An equal chance for academic success.
By Karleigh Creighton
Photography by Brett Mountain
Nobel Peace Prize winner Muhammad Yunus says, “Young people are capable of doing much more today than ever in the history of mankind.”
Whether they are more capable, more willing or raised to do so, there is no question that teens today are out in the community, making a philanthropic impact.
Carolyn Cohn, a Berkley High School junior, saw a need to help her classmates as an eighth-grade student and hasn’t let it go since.
“This school district is very diverse. There are a lot of people who are well-off and a lot of people who are struggling. I saw a bunch of people struggling to make ends meet, and I felt like I needed to do something about that,” Cohn said.
Cohn started Teen Screens in 2012. She solicits used laptops and then has them refurbished to give to students in need.
What started with one laptop has turned into 15 laptops with four on the way.
“After I gave the first laptop out, I felt like there was more to do,” she said.
Technology is more prevalent than ever and without access to it, today’s students are at an academic disadvantage.
“I do mostly all my homework on my computer, and I saw there were a lot of people who don’t have the ability to do that,” Cohn said. “I felt like the best way to give everyone the same chance at succeeding in education was to provide equal opportunity to have technology to complete work.”
Cohn relies on the help of Steve Krasnick of Huntington Technology to get the donated laptops ready for students.
Krasnick wipes the hard drives and then reinstalls the Windows or Mac operating system software on the machines. He also runs a diagnostic test on each machine to make sure there are no apparent problems.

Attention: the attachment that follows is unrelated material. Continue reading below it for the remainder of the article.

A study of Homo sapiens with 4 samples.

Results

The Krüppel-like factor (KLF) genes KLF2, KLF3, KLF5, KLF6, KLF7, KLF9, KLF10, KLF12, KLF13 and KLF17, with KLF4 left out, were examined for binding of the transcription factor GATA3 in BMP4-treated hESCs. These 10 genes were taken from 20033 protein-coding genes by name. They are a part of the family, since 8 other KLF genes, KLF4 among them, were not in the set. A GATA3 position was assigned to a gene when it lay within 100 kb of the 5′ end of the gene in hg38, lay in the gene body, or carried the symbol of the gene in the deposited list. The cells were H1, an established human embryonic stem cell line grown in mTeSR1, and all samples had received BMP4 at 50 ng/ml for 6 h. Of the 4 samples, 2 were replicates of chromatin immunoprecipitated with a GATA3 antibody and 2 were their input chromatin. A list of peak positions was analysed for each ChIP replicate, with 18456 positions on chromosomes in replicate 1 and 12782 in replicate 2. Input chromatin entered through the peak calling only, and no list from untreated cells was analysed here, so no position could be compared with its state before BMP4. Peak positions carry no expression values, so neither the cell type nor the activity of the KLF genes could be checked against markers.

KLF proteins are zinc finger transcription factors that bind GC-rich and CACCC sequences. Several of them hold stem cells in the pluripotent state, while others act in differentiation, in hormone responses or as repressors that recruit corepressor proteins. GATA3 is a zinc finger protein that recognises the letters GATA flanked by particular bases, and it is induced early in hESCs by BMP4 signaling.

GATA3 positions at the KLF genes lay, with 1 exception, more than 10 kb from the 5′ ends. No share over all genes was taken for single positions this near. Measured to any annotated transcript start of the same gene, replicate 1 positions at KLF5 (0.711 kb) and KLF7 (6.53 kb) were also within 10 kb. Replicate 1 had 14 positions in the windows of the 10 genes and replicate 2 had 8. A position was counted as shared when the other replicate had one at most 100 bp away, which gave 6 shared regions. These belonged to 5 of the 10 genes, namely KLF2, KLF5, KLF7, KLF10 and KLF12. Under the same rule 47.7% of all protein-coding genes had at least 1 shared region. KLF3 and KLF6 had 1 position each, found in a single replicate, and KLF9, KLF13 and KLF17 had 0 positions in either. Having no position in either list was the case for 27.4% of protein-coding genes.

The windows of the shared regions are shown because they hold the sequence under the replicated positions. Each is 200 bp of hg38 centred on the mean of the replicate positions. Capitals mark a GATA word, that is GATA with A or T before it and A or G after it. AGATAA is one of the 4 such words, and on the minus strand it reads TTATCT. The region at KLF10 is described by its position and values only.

“Her efforts inspired me,” Krasnick said. “She came up with a great way to help kids who don’t have access to technology, and I knew I had to help her. Hopefully, her efforts will help fill the tech gap that occurs in many families.”
Growing up, Cohn learned what life is like for those less fortunate than she.
“My family has always gone out to Detroit and gotten out of this area to see what life is like for other people and to see what other parts of Michigan are like. It helped me be more aware and open at a young age,” Cohn said.
In addition to Teen Screens, Cohn makes an impact in the community by serving as the vice president of the Berkley High School Community Service Club, and she volunteers at the Detroit Achievement Academy, a free charter school with free meals for the students, on her half-days and days off.
Cohn’s high school counselor Robin Weiss is thrilled about the positive work she is doing for her classmates.
“I’ve known Carolyn since she was in sixth grade, and I could not be more proud of her and the work she has done. She has taken a small idea based on the idea she had in middle school and she hasn’t let it go. She’s been persistent,” Weiss said. “I feel like our world always needs more kindness and more people to help. I think it’s really important when young people notice that, too. It’s not just a job for the adults. Sometimes kids are even better at it.”
Weiss says she “stalks” Cohn for computers because there is such a large group of students who do not have access to technology in their homes.
Cohn’s vision for Teen Screens is expansion. She would like to see another, younger student take over the program after she graduates to continue the legacy. Generating a greater awareness and collecting financial donations in addition to soliciting actual laptops are goals of Cohn’s as well.
“I would like to get more financial donations to buy newer technology, so I won’t have to worry if the used laptops will work,” Cohn said. “I’ve received more than 30 donations, but only half of them have worked. Getting monetary donations would make a huge difference in the number of computers I’d be able to give out to students.” NS
Those interested in donating to Teen Screens can contact Carolyn Cohn at firstname.lastname@example.org.